SCI says immunization is pinnacle to saving millions of lives
By: Our Correspondent
Save the Children International Nigeria states that immunization saves millions of lives and is recognized as one of the world’s most successful health interventions. The Media and Communication Manager, Kunle Olawoyin, of SCI Nigeria stated this in a statement to mark this year’s World Immunization Week with the theme of ‘The Big Catch-Up.’
The statement explains that the benefits of vaccines are fully realized when children receive all recommended vaccine doses in a timely manner. However, SCI expressed dismay that immunization coverage in Nigeria is below the Global Vaccine Action Plan (GVAP) goals. Only 36% of children aged 12-23 months received all recommended vaccines, and 18% did not receive any, putting a substantial number of children at risk of vaccine-preventable diseases.
According to the findings of the 2021 Nigeria Multiple Indicator Cluster Survey (MICS) and National Immunization Coverage Survey (NICS) carried out by the NBS as part of the global MICS program, the infant mortality rate is 63 deaths per 1,000 live births for the five-year period preceding the survey, while the under-5 mortality rate (U5MR) for the same period is 102 deaths per 1,000 live births. The neonatal mortality rate is 34 deaths per 1,000 live births, and child mortality is 42 deaths per 1,000 live births. The under-5 mortality rate of children born in the poorest households (133 per 1,000) was nearly three times the under-5 mortality rate for children born in the richest households (47 per 1,000).
Save the Children believes that immunization saves millions of lives, and it is recognized as one of the world’s most successful health interventions. The National Immunization Coverage Survey (NICS) 2021 shows that substantially more children are fully vaccinated in the southern zones compared to the northern zones.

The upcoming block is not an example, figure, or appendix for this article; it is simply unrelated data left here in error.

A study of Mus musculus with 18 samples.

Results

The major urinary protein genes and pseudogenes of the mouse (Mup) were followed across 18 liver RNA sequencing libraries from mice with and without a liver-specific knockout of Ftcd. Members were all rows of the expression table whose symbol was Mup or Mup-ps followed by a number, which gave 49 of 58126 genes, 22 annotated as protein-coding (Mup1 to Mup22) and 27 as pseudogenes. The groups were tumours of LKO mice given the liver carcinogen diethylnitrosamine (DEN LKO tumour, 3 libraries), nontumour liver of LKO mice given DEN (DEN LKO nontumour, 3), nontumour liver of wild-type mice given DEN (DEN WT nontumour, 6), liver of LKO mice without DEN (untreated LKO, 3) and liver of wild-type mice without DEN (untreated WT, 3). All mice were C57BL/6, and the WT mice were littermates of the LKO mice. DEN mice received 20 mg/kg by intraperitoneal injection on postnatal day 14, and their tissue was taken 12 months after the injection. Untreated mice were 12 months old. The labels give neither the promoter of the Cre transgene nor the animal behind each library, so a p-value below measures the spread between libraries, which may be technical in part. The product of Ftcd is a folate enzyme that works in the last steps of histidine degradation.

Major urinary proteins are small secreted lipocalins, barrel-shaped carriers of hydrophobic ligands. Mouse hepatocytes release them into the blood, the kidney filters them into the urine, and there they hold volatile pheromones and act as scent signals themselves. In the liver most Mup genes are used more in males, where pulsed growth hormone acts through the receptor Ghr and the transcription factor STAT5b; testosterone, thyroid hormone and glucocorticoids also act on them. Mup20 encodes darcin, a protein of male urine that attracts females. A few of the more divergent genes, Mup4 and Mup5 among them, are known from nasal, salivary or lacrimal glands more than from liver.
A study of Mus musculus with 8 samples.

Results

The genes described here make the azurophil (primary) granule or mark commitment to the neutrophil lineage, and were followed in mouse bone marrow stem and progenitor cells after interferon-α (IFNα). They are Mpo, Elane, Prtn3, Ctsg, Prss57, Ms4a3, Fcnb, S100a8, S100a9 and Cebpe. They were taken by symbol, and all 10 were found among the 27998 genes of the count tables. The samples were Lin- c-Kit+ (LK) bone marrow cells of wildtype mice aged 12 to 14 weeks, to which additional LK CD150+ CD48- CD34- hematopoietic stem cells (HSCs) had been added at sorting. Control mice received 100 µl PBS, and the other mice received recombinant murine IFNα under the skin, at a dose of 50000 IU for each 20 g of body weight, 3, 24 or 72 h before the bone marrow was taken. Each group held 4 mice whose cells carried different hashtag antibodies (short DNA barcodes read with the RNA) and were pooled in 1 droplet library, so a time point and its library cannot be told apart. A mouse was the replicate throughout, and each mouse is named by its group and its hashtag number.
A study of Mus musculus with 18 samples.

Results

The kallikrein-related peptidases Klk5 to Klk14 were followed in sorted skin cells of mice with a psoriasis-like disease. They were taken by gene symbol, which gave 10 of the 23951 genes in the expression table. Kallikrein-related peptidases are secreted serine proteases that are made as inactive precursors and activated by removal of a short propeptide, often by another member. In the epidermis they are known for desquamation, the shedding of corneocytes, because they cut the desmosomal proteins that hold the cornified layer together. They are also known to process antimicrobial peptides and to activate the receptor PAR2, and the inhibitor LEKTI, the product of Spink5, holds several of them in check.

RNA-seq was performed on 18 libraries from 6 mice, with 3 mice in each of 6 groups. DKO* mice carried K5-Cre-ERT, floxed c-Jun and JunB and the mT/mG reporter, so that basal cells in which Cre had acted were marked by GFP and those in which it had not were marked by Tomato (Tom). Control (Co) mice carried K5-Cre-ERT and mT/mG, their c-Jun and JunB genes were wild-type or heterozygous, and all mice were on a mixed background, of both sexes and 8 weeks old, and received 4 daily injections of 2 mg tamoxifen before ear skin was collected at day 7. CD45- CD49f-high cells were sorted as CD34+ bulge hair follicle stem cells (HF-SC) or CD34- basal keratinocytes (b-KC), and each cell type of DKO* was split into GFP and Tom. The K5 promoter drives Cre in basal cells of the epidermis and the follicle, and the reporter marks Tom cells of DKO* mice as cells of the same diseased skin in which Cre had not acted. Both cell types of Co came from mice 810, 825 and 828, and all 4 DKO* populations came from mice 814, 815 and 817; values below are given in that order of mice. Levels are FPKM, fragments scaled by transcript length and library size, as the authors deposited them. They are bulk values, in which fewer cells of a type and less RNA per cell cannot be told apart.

SCI urged all stakeholders to continue building strong political commitment to increase immunization coverage and other primary healthcare interventions, thus contributing to increased domestic investment in health to meet the Abuja Declaration of 15% (2011) as against the present 8% budgetary allocation to health by Nigeria in 2023 at the national level.
Save the Children stated that it will work with partners and stakeholders to ensure that increased health spending directly improves child health services, including removing catastrophic health spending, reducing non-financial barriers to accessing care, and prioritizing primary health services in Nigeria.
In her remarks, the Acting Country Director, (SCI) Nigeria, Faton Krasniqi, said, “There is an urgent need to empower Ward Development Committees (WDC) at the sub-national level to drive accountability processes, as well as promote community action. Expand the stakeholder base to include local communities, including pastoralists, to ensure vaccines reach difficult terrains and strengthen coordination, collaboration, and implement accountability frameworks for routine immunization with a view to improving community engagement to increase uptake of routine immunization services in Nigeria.”